The Unison union national conference, held in Bournemouth last week, was marked by a left mood among delegates and warnings addressed to New Labour.
The union’s general secretary, Dave Prentis, told delegates, “I have a message, not to Tony Blair, but to those waiting in the wings. Do not take my union’s support for granted. You’ll have to earn it.”
He went on to warn that “Labour will not be re-elected unless it changes direction, restores trust, reconnects with its core votes. And neither will it deserve to be.”
There was pressure on the union’s leadership over pensions. Earlier last week, at the union’s local government conference, delegates had come within a whisker of passing a left wing motion to reignite industrial action over pensions.
At the national conference for the whole union, Prentis spoke glowingly about the one-day strike over local government pensions on 28 March.
Following that strike, industrial action was suspended for negotiations.
The union is currently seeking a judicial review into the government’s plan to scrap the rule of 85, which allows some local government workers to retire at 60 with 25 years service. But, Prentis said, if the judicial review fails, “we will ballot again for industrial action”.
Health delegates pointed out that a seperate pensions deal struck with the government was also unravelling.
A motion from North of Tyne Health, which was passed by delegates, pointed to a “1.6 percent shortfall between the amount required to secure lifetime protection for existing scheme members and the amount being provided to the NHS by the treasury”.
Another big issue was the government’s attacks on the health service. However, the leadership sought to prevent discussion of key motions on the Keep Our NHS Public campaign.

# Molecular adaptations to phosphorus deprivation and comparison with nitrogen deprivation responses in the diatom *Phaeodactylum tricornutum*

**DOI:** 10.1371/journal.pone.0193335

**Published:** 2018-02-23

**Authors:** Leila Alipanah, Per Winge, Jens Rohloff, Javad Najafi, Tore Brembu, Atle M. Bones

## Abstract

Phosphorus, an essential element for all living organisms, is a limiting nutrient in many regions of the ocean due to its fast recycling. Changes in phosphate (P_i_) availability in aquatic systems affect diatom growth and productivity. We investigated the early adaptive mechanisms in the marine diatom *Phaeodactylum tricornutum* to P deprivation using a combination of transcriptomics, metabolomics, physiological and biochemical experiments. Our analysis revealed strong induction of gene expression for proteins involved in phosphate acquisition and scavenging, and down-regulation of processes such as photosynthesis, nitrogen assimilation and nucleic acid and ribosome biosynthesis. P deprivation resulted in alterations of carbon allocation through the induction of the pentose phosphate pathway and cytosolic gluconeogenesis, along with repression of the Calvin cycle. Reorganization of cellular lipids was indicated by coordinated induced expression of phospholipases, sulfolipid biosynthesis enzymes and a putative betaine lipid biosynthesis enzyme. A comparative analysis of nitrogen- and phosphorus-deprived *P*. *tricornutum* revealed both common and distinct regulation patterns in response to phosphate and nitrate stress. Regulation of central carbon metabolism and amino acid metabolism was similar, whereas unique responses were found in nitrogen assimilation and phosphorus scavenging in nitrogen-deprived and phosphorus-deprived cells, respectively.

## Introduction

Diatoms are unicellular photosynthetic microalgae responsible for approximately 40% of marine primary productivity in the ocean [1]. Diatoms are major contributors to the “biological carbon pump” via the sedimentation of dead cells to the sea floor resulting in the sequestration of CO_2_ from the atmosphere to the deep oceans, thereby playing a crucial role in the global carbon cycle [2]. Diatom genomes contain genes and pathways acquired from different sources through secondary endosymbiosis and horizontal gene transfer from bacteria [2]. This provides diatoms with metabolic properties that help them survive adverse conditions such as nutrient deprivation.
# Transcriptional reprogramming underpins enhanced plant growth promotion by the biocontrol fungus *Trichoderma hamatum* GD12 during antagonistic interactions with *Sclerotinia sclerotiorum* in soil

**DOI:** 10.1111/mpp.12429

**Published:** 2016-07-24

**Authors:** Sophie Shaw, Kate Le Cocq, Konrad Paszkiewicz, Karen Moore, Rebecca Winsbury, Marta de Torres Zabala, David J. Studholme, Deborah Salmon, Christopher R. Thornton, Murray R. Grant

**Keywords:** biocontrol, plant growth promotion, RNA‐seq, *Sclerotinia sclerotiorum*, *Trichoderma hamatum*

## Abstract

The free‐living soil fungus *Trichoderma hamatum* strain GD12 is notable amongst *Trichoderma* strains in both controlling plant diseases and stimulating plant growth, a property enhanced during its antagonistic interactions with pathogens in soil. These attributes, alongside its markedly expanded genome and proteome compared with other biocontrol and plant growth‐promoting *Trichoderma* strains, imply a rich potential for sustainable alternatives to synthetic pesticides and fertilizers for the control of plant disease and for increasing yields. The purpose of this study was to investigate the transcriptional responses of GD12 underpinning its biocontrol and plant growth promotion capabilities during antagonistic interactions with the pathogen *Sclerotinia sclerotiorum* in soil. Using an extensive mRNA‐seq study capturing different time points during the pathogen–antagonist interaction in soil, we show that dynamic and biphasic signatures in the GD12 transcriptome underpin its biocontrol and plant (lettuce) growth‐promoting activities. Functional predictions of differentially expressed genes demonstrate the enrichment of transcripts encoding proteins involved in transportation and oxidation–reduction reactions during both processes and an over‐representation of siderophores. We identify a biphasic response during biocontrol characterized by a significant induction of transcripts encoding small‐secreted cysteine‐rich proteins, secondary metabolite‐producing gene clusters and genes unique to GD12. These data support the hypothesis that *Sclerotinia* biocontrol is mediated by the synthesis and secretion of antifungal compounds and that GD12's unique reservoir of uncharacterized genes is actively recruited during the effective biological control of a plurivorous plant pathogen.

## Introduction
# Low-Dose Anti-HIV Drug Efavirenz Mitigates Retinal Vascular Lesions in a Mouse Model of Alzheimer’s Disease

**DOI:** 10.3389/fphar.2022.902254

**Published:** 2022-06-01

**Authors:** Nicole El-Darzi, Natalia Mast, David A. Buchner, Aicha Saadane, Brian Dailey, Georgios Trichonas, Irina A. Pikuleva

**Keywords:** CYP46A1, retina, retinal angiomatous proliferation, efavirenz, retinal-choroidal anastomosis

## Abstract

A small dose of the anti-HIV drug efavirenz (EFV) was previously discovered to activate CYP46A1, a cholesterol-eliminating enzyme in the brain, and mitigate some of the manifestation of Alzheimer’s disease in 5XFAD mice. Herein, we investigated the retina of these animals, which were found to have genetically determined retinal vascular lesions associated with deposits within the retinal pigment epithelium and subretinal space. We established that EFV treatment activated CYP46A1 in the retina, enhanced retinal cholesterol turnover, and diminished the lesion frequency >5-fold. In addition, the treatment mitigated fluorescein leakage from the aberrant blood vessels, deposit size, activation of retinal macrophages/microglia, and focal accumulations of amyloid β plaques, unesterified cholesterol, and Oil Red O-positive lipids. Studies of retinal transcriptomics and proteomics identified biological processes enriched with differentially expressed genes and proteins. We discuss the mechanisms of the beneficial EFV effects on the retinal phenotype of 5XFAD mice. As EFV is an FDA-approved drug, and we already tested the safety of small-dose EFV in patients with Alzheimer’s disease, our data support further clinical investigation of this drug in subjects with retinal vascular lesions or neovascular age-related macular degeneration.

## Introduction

Some 650 signatures were collected on a petition calling for a national demonstration to defend the NHS. Such was the mood at the conference, that Prentis felt forced to come down from the platform to receive the petition from delegates.
There was a contradiction between the union leadership’s support for campaigns over general political questions and their unwillingness to lead a major confrontation against a Labour government over the core issues faced by union members.
This creates a space in which the left can organise and lead battles. A large turnout and high level of organisation from the Unison United Left group was one positive sign.
Several fringe meetings were well attended. They included a 350-strong Stop the War meeting with Tony Benn and union deputy general secretary Keith Sonnet.
Some 150 delegates attended a Respect fringe meeting, which was notable for the number of former Labour Party members.
A Defend Council Housing meeting saw 125 and some 70 people attended a Campaign Against Climate Change meeting.
The conference also passed an emergency motion against the fascist British National Party and an emergency motion submitted by Newham local government branch condemning the police anti-terrorism raid in Forest Gate.